The Medicines Adverse Reactions Committee (MARC), says consent to distribute sibutramine, known in New Zealand under the brand Reductil, should be revoked due to its health risks.
"We have concluded that the risks of using sibutramine outweigh any benefit from the very modest weight loss observed when using the medicine," Medsafe's principal clinical advisor Dr Enver Yousuf said.
Medsafe and MARC reviewed sibutramine after preliminary results of a major study, the Sibutramine Cardiovascular Outcomes trial or SCOUT, of 10,000 patients found the drug raised the risk of heart attacks and strokes.
New Zealand medical professionals had already been advised against the use of sibutramine in patients with a history of heart conditions or stroke even before the study's results were released, Dr Yousuf said.
Dr Yousuf advised doctors not to issue any new prescriptions for the drug.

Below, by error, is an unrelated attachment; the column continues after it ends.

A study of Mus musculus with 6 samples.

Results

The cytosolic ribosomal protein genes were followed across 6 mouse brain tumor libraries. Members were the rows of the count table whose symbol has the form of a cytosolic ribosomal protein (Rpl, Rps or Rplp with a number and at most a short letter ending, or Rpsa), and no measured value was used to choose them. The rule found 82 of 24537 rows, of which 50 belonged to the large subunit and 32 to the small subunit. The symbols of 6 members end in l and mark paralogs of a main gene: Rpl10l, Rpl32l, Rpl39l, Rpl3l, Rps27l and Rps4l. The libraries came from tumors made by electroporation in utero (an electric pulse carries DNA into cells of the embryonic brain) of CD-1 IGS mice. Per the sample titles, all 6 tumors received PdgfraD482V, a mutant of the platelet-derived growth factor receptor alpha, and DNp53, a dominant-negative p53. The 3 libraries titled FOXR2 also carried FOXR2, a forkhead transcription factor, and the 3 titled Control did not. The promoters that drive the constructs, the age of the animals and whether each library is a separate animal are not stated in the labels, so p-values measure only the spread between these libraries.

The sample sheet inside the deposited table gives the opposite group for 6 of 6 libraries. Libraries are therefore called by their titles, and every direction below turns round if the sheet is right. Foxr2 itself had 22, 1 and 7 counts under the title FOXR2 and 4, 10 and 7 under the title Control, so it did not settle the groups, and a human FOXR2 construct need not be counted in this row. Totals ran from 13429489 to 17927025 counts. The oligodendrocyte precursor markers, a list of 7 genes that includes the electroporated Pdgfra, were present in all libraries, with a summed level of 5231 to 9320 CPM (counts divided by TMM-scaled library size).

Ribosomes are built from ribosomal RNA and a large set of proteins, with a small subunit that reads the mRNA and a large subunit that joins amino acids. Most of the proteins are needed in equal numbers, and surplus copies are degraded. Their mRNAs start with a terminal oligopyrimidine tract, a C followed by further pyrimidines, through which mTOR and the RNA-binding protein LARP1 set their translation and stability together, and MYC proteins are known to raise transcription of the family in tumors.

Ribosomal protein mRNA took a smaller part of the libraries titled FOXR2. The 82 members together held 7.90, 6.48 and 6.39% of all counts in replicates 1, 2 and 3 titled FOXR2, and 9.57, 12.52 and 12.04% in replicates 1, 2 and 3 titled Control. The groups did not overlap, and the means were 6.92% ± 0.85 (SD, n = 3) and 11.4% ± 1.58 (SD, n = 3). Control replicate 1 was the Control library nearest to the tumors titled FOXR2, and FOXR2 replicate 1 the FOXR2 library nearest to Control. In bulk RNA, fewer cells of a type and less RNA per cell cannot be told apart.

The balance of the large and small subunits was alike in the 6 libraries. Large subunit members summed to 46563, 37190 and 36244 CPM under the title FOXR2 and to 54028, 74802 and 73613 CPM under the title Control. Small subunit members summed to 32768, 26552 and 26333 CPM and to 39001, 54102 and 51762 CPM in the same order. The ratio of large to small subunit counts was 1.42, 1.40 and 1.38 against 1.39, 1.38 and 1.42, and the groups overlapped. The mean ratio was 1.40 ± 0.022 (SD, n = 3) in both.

People taking Reductil should see their doctor if they had any concerns and seek advice on alternative weight-loss methods, he added.
Phamaceutical company Abbott had voluntarily decided to withdraw sibutramine effective from today.
In a statement Abbott said results of the SCOUT study did not change its view that sibutramine had a "positive benefit/risk profile when used appropriately in the approved patient population".
It said the majority of the patients in the study had underlying cardiovascular disease and were ineligible to receive sibutramine.
Sibutramine has also recently been withdrawn from sale in Australia, Canada and the United States, and the European Medicines Agency suspended sale of the drug earlier this year.